Autumn River


At the start of July, we finally got the call - the first lot of trees ready to go, and planting scheduled for the middle of the month. We rounded up as many friends as we could lay hands on, and trundled out one crisp Monday morning to start. The planting itself was done by three men and a tractor, which opened up the ground and then firmed it around the trees after they were dropped in. A crew of 9 willing helpers came along to add the finishing touches - a protective sleeve on each tree (to keep the hares at bay) and three stakes for each hazelnut, which the sleeve was stretched around.

Image 1: just started.
Image 2: One happy hazelnut (with many siblings in the background).
Image 3: at the end of the day - almost all done.

The crew: there were actually 9 of us at the start (plus the dogs), but Malcolm and one of the students (Qinglan) had to go back to town for a university lecture in the middle of the day, leaving just the loyal hard workers- Yi, Qi, Sarah (with Holly), Quang, Thu Ha, Nadine and James (holding Basil). Holly and Basil came along with James for a day in the country and made lots of new friends with all the other dogs brought by the planters, tractor man and the well driller.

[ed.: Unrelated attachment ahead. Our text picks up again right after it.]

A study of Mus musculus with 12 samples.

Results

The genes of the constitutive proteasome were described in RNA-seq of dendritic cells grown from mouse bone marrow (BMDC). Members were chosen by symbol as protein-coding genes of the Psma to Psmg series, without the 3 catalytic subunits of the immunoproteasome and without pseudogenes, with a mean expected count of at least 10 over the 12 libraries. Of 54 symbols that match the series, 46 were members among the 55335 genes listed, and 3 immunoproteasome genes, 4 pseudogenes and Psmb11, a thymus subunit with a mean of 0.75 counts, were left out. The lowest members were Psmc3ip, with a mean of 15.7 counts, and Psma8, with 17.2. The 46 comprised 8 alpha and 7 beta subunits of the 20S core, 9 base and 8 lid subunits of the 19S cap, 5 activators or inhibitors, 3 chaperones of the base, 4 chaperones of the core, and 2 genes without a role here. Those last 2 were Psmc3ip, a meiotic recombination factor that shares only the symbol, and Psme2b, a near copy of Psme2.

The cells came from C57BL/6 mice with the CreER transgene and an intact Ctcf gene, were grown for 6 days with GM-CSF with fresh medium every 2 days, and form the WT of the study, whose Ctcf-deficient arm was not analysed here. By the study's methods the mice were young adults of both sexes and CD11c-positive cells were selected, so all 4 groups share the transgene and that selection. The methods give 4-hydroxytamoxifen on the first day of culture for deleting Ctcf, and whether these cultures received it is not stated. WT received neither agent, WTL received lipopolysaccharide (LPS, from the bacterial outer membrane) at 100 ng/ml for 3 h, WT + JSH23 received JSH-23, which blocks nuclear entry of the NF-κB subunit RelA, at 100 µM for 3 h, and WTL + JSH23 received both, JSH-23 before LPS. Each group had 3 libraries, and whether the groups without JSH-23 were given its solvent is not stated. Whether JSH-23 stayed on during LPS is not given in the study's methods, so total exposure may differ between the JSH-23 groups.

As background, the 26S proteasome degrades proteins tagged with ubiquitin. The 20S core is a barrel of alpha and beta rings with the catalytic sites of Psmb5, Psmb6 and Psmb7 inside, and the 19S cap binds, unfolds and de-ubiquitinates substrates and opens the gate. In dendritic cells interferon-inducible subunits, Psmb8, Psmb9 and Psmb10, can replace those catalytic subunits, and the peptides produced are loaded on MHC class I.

At 6pm, after it was too dark to do anything more, Malcolm finally let us pack up and head for Oxford and a well deserved meal. Drinks by the jug, including the orange juice.


Left: Thu Ha and her brother Quang, who came over for a month to look at NZ and decide whether he wanted to study here, and who ended up roped into two days of hard labour in the freezing cold.

Right: Qinglan, one of Malcolm's students. None of them expected when they signed up for his course that they would be asked to do practical experience in an unrelated field, without even a hope of extra credit for it!

 

Ooooh, big machinery!!

The little blue cart behind the tractor seated two men and about 200 trees at a time. The tractor inched slowly ahead and a claw under the cart ripped open a narrow trench. Drop in a fertiliser tablet and a tree, then the tyres at the back, which were canted in at an angle, pressed the earth back around the newly planted stem.